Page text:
I always hesitate to write any personal information about my children, but when my youngest son asked, “Why aren’t you telling your readers about what happened with my headaches? It may help someone.” I figured that was all the approval I needed to let you know about his amazing journey from a migraine sufferer to a normal teen.
At the end of his fifth grade year, Joseph started complaining about headaches. The first thought was that he needed glasses. Off we went to what was the first of dozens and dozens of visits to doctors and specialists who all said he didn’t need glasses but concluded right away that he had every symptom of migraine headaches.
The short run-down is we tried everything. Changes in diet, medications, acupuncture, and none of it worked. Going outside seemed to make it worse, so we thought heat or bright light had something to do with it.
To see my growing boy curled up in pain and knowing there was nothing I could do about it ripped out my heart. Saying Joseph usually has the energy of an entire army is an understatement, but I would watch as he’d leave a basketball game or a swim party to come inside and lay down in his dark room. Family trips were interrupted and he missed church and school activities. Even though he’s extremely bright and in the gifted program, his grades suffered because often, he either missed school, or was so sick he went straight to bed when he got home and would have to stay up late to finish hours of homework. Even though he felt terrible most days, Joseph learned to keep going. I once saw him run a cross country meet with a full-blown migraine. The pain on his face was heartbreaking, but he refused to give up.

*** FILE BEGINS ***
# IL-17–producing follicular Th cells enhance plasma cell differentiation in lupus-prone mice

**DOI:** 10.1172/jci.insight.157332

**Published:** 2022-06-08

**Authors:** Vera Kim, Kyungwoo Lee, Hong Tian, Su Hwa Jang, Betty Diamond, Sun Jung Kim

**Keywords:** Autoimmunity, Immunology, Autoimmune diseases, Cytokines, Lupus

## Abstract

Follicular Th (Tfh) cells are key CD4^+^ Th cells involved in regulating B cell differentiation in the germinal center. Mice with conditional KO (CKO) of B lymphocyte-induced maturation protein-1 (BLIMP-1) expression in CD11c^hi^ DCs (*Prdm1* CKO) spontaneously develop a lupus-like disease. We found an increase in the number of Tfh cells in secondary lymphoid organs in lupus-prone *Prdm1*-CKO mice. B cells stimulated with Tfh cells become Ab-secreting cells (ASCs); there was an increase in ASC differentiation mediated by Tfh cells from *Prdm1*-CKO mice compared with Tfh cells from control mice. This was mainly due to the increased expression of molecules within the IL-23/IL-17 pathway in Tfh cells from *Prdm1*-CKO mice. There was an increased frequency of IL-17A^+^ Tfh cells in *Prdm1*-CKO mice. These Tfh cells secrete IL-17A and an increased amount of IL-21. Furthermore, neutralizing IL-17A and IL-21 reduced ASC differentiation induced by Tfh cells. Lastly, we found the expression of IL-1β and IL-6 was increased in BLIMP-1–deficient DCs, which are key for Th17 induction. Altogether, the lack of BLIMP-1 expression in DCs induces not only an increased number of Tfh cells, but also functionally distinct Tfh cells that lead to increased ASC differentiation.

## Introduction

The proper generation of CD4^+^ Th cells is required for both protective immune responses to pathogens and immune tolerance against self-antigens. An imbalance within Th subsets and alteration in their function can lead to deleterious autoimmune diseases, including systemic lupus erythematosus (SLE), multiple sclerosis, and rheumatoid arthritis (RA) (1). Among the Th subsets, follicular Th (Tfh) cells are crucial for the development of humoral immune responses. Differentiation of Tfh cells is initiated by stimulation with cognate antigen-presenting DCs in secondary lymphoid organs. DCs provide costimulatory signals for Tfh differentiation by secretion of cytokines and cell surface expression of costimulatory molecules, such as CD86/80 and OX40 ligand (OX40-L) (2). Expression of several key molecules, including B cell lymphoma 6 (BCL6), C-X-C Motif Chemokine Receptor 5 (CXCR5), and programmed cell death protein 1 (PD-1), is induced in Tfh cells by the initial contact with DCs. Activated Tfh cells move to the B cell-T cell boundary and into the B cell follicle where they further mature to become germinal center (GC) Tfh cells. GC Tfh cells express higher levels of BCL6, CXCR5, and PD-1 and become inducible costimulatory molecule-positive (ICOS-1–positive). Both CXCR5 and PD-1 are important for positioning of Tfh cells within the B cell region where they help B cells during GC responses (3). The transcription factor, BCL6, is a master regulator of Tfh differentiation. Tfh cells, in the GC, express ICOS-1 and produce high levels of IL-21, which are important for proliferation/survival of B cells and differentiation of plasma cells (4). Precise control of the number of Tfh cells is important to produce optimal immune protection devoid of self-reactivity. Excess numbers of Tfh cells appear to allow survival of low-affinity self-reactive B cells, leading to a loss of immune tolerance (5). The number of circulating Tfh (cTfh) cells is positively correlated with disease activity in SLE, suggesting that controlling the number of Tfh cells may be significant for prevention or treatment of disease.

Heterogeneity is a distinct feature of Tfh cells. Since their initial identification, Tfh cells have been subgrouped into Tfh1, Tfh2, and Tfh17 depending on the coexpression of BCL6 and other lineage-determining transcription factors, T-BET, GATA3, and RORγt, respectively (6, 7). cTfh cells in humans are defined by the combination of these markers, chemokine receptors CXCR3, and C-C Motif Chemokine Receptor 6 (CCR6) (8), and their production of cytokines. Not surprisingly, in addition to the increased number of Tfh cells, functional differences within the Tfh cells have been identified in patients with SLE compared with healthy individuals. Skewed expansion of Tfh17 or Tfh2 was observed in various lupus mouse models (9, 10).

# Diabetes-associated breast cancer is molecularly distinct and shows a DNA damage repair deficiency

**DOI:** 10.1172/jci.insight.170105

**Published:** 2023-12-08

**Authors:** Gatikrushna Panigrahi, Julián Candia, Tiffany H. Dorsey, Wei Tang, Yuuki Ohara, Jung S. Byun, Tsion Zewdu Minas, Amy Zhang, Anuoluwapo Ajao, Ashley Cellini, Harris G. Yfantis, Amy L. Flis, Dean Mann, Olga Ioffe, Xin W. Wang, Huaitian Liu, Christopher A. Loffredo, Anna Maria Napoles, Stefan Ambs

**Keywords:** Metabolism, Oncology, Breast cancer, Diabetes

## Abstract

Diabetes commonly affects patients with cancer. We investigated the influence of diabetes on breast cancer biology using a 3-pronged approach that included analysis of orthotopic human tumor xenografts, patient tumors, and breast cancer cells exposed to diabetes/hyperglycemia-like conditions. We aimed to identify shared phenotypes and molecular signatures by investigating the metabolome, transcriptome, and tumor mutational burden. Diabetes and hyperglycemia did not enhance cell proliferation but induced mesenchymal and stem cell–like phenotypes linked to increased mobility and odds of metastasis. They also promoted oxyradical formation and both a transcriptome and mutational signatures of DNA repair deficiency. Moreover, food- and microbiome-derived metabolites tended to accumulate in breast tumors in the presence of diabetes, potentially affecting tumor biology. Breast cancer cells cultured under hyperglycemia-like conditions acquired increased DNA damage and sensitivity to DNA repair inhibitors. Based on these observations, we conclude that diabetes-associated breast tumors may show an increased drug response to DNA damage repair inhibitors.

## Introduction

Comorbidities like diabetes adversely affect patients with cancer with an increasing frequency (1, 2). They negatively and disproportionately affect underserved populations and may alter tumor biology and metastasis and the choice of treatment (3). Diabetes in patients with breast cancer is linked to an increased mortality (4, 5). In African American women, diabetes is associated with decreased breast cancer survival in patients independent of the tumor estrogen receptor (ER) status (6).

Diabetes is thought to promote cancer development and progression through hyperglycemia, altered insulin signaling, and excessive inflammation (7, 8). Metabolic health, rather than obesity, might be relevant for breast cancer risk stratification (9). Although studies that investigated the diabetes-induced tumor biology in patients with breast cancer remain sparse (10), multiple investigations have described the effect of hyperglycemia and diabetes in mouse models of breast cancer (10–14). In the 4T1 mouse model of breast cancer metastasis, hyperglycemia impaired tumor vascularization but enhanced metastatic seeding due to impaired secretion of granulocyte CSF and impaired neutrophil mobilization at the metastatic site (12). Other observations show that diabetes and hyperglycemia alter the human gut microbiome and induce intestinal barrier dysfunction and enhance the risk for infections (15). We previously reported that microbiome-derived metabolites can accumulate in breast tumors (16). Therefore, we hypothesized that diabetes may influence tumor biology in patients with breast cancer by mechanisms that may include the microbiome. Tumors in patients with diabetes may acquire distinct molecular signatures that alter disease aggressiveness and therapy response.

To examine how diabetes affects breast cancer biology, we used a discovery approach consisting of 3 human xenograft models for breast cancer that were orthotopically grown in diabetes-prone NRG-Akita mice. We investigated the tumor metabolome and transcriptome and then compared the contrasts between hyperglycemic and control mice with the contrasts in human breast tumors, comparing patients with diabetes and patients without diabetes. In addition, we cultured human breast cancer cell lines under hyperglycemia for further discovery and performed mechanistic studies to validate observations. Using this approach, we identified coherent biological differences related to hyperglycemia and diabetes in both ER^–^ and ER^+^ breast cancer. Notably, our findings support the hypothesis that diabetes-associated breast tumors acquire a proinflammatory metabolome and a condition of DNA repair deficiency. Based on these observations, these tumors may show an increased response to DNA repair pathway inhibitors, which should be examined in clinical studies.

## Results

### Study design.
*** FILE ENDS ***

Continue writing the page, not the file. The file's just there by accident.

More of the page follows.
We finally visited a new doctor’s office to try yet another new procedure. He mentioned that perhaps we should go to an ENT in Mobile who is known for helping those with sinus issues, and thought Joseph’s problem could be related.
We met with Dr. Mark Harrison at Premier Medical Group, and within a few minutes of examining Joseph, he boldly claimed he was 95% sure sinus surgery would cure the headaches. Dr. Harrison said that although most migraines have other causes, doctors are now understanding sinus issues can be linked to migraines.
A few days after school was out, Joseph had surgery, which lasted twice as long as normal. 14 polyps were removed and I would be lying if I said recovery was easy, but before he had even fully healed, Joseph claimed he already felt better.
Almost a year has passed, and Joseph has been migraine free.
With South Alabama’s heavy pollen and humidity playing havoc with our sinuses, we thought a stuffy nose every now and then was normal and considered it a separate issue. Looking back, we also suspect Joseph’s school buildings, which had issues with leaky roofs and sealed environments with recirculated air systems, also aggravated respiratory complications.
It’s shocking to me that the medical community is just now figuring out the link between sinus complications and migraines. As we were awaiting our surgery date, we even had one specialist tell us there was no way the two issues could be linked and surgery would never alleviate the headaches.
No one should ever have to suffer this kind of pain, especially when they’re young. This solution may not be the answer for all those who suffer from migraines, but if it helps even one person, we are happy to spread the word.
And speaking of happy . . . he is, and we are.